Friendship and secrets intertwine with tragic results in A Line In The Sand
A LINE IN THE SAND by Guillermo Verdecchia and Marcus Youssef (Factory Theatre, 125 Bathurst). Runs to March 27, Tuesday-Saturday 8 pm, matinee Sunday 2 pm. $35. 416-504-9971, factorytheatre.ca. Rating: NNNN
How little things change in the world of war and politics.
Guillermo Verdecchia and Marcus Youssef’s A Line In The Sand, written in 1995 to examine Canadian involvement in the Gulf War, gets a striking new production at a time when our nation is still engaged in questionable military endeavours.
It’s the early 90s in Qatar, and just outside a Western armed forces base, Mercer (Morgan David Jones), a Canadian soldier, meets the teenage Sadiq (Danny Ghantous), a Palestinian whose father has come to this Arab nation to work in the oil industry. Mercer spends solitary time in the desert near the base to avoid personal problems he doesn’t want to talk about or even recognize Sadiq sells things to Western soldiers and dreams of moving to America and getting rich.
In the second act, we hear of a serious incident involving a young Arab. Mercer, questioned by a colonel (John Cleland) intent on discovering what happened, reveals his nervousness and, eventually, the truth. Intense, its tone constantly shifting, and ending with a surreal moment, the episode keeps the viewer off balance.
In between those acts, Verdecchia and Youssef insert a postmodern scene in which the actors read speeches to the House of Commons by Brian Mulroney and Stephen Harper, along with the playwrights’ decision to write this play and statistics relating to Canadian soldiers abroad.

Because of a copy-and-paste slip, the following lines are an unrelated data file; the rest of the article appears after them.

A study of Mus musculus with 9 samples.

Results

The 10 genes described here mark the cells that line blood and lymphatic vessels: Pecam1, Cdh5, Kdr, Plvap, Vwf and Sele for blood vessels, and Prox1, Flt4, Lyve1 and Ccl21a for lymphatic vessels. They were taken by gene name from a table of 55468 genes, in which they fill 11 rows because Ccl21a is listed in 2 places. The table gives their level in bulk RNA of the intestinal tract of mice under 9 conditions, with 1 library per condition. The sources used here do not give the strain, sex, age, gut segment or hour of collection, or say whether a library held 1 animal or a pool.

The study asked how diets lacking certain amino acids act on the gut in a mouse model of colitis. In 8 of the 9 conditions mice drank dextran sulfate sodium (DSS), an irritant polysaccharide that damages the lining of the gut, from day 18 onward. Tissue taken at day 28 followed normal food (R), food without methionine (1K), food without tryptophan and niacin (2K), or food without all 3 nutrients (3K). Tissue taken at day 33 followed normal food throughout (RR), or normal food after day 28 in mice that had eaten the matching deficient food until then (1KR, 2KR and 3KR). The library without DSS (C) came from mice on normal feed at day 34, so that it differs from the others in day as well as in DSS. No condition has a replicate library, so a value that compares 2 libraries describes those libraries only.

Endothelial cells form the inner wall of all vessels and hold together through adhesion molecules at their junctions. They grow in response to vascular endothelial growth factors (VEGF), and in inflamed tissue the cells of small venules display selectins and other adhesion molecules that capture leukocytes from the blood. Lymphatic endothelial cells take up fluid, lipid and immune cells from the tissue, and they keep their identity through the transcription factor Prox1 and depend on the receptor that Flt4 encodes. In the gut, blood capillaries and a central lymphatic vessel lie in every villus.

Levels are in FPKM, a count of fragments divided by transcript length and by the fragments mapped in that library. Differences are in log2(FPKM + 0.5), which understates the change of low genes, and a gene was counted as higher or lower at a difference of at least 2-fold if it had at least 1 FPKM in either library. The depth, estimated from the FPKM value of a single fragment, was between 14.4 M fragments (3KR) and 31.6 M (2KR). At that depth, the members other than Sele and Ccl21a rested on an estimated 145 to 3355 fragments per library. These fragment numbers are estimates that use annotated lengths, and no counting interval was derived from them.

Intentionally taken out of the emotional immediacy of the first act, we’re reminded of the play’s current relevance.
The three actors offer finely tuned performances under Nigel Shawn Williams’s spare direction the weekly meetings and growing closeness of Mercer and Sadiq are especially impressive. In keeping with the “nakedness” of the Factory season, the sand on which the action takes place stands in for water, money and several other props.
But the photos and a camera that are central to the action are all realistic, for photography is both a lure and an incriminating weapon in the narrative. The snapshots Sadiq sells Mercer, Mercer’s use of the camera and the combination of Wesley McKenzie’s sound design and Kaileigh Krysztofiak’s lighting, which provide the brilliance of a flash and the amplified, whip-like snap of a shutter’s click, all contribute to the production’s sharpness. Each mini-second image captured by the flash is either a shocking event, a secretive moment or something equally surprising.
Both of the men who interact with Mercer are sympathetic, Sadiq warmly so and the colonel in a more calculated way. While Cleland plays the role of compassionate inquisitor (an oxymoronic phrase) well, there’s a choppy quality to the writing that distances us during the interrogation. The emotional connection that’s been an important part of the show finally returns, and then only sporadically, in the play’s final encounter.